The pseudoscience community has long tried to convince parents that the MMR vaccine (to prevent infection with the diseases measles, mumps, and rubella) causes autism, despite study after study after study after study after study after study after study after study* showing that there is no connection between MMR and autism.
The pseudoscience community’s desperate investment in this myth–and the shaky ground they stand on– is illustrated by how quickly they shift their stories:
“Thimerosol or aluminum, or some kind of ‘toxin’ is the cause!” Debunked .
“No, I mean, it’s just too many too soon!” Debunked
“No, but seriously, natural infection is way better because unvaccinated children are healthier than vaccinated children!” Debunked.
And just yesterday, another study (Jain et al. 2015 Autism occurrence by MMR vaccination status among US children with older siblings with and without autism) has come out debunking yet another antivaccine myth: that the MMR vaccine somehow “triggers” autism in children who are genetically susceptible to it.
Some commenters on my blog have expressed various forms of this idea:
“I’m not saying that vaccines are the cause of autism but I do feel that they can be “the straw that breaks the camel’s back” for some individuals who are genetically more suseptable.”
“And to the poster who mentioned that children could have something in them that predisposes them to develop Autism after the shot, I wholeheartedly agree with that. Same as someone who smokes and doesn’t develop lung cancer vs. the other smoker who does develop lung cancer.”
Large genomewide scans of families with a history of autism have shown that there is a strong heritable component to autism, with many different associated genes. (The genetic and developmental mechanisms are still being investigated and are likely quite complicated). So does having one child who develops autism mean that other children in the family are at higher risk of developing autism, if vaccinated with MMR? This study (with a total sample size of 95,727 children) explicitly examined that question by comparing (retrospectively) children with different vaccination statuses with older siblings with or without autism spectrum disorder (ASD). They report:
“In this large sample of privately insured children with older siblings, receipt of the MMR vaccine was not associated with increased risk of ASD, regardless of whether older siblings had ASD. These findings indicate no harmful association between MMR vaccine receipt and ASD even among children already at higher risk for ASD.”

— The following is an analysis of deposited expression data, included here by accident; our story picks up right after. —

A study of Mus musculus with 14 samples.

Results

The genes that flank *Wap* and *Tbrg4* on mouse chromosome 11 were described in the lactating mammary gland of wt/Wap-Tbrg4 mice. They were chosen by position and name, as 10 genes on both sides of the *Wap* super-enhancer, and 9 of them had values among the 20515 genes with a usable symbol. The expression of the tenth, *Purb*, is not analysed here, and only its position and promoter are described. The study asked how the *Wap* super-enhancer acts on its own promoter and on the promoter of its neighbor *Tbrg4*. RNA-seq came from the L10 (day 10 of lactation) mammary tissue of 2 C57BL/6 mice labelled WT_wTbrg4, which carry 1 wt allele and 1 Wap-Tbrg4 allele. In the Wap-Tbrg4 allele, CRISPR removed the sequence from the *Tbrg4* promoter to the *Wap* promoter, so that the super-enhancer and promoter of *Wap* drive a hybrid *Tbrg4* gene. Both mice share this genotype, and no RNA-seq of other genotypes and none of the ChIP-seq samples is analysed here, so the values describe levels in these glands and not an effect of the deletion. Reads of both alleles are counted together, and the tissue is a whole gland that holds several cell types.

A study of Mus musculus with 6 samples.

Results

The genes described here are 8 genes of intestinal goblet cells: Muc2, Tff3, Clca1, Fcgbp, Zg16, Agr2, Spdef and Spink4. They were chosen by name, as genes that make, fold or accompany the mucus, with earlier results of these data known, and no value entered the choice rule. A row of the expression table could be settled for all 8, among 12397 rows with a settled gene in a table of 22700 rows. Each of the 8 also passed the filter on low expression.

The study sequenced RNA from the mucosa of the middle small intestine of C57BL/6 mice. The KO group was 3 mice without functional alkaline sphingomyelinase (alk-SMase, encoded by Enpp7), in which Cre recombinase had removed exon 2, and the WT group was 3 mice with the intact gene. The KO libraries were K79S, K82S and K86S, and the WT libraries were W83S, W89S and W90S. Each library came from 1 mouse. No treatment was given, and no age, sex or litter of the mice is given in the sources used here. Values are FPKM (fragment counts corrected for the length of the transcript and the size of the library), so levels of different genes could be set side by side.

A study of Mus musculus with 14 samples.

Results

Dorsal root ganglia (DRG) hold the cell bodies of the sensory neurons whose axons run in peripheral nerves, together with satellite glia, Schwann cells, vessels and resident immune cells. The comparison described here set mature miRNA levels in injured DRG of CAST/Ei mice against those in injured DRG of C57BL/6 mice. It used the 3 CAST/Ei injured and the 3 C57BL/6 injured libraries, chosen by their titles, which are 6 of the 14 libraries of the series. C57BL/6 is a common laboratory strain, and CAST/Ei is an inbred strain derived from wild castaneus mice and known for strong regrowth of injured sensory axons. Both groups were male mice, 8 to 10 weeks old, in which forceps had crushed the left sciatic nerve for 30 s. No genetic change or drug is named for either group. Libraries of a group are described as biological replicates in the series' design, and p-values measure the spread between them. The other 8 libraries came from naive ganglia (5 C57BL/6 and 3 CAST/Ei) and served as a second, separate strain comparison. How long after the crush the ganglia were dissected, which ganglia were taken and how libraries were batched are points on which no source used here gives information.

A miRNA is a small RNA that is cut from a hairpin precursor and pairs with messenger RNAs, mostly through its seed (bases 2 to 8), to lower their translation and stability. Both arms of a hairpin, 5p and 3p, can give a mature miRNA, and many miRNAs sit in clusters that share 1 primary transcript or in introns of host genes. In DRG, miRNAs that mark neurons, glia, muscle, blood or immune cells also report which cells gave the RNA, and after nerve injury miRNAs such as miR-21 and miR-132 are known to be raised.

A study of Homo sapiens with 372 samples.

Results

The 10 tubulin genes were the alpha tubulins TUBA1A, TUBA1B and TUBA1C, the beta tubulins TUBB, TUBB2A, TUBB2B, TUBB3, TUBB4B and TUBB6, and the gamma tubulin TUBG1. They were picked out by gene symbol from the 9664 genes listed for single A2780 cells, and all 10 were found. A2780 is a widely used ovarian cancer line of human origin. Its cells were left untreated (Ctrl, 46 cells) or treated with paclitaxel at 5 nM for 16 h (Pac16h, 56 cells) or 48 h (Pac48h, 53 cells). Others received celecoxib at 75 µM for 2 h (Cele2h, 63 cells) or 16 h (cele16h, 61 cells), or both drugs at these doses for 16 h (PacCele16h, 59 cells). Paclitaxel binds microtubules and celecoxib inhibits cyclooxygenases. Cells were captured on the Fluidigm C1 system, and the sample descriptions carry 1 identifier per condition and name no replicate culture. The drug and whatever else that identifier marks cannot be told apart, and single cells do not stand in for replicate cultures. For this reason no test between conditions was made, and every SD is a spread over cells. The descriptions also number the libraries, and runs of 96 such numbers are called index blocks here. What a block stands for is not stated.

This finding is particularly important for parents who already have a child with autism, who are told again and again by the pseudoscience community that their decision to vaccinate their child is what caused the onset of autism. Barraged by this constant message that autism in one of their children must be due to the vaccine (and the implication that it is their fault!), parents desperate to do whatever they perceive is best for their children may delay or withhold vaccination for subsequent children.
This study should set those parents’ fears to rest.
“Although the study’s findings might have been expected by those in the field and anyone who has followed the research, the research still cost money, and those funds, which came from the National Institutes of Health and a handful of major universities, might have gone to any number of other projects.”
Even with this latest study, I predict that the small (but vocal) anti-vaccine community will find yet another mythical reason why MMR must cause autism. They are desperate to create the illusion that there is a legitimate scientific debate about the safety of vaccines. In many cases they have a huge financial incentive to do so. Read Colin’s account of his visit to an antivaccine conference, where the organizers hawked natural ‘remedies’ and ‘cures’ for autism. A quick search of any of the leaders of the antivaccine movement, such as Bob Sears, Tim O’Shea and “Thinking Moms” reveals that they all have books to sell, speakers’ fees to collect at conferences, and advertising to sell on their blogs. To stay relevant, they have to create fear and uncertainty among parents trying to make the best decisions for their children.
Fortunately, the vast majority of parents understand that vaccination is the best way of protecting their children from infectious diseases, and the voices of the pseudoscientific community are increasingly drowned out by the sheer volume of evidence against them.
*This is a tiny sampling of the research out there–I just did a quick search on PubMed and posted links until I got tired of illustrating this. If you would like to read the papers but can’t access them because of paywalls, get in touch with me.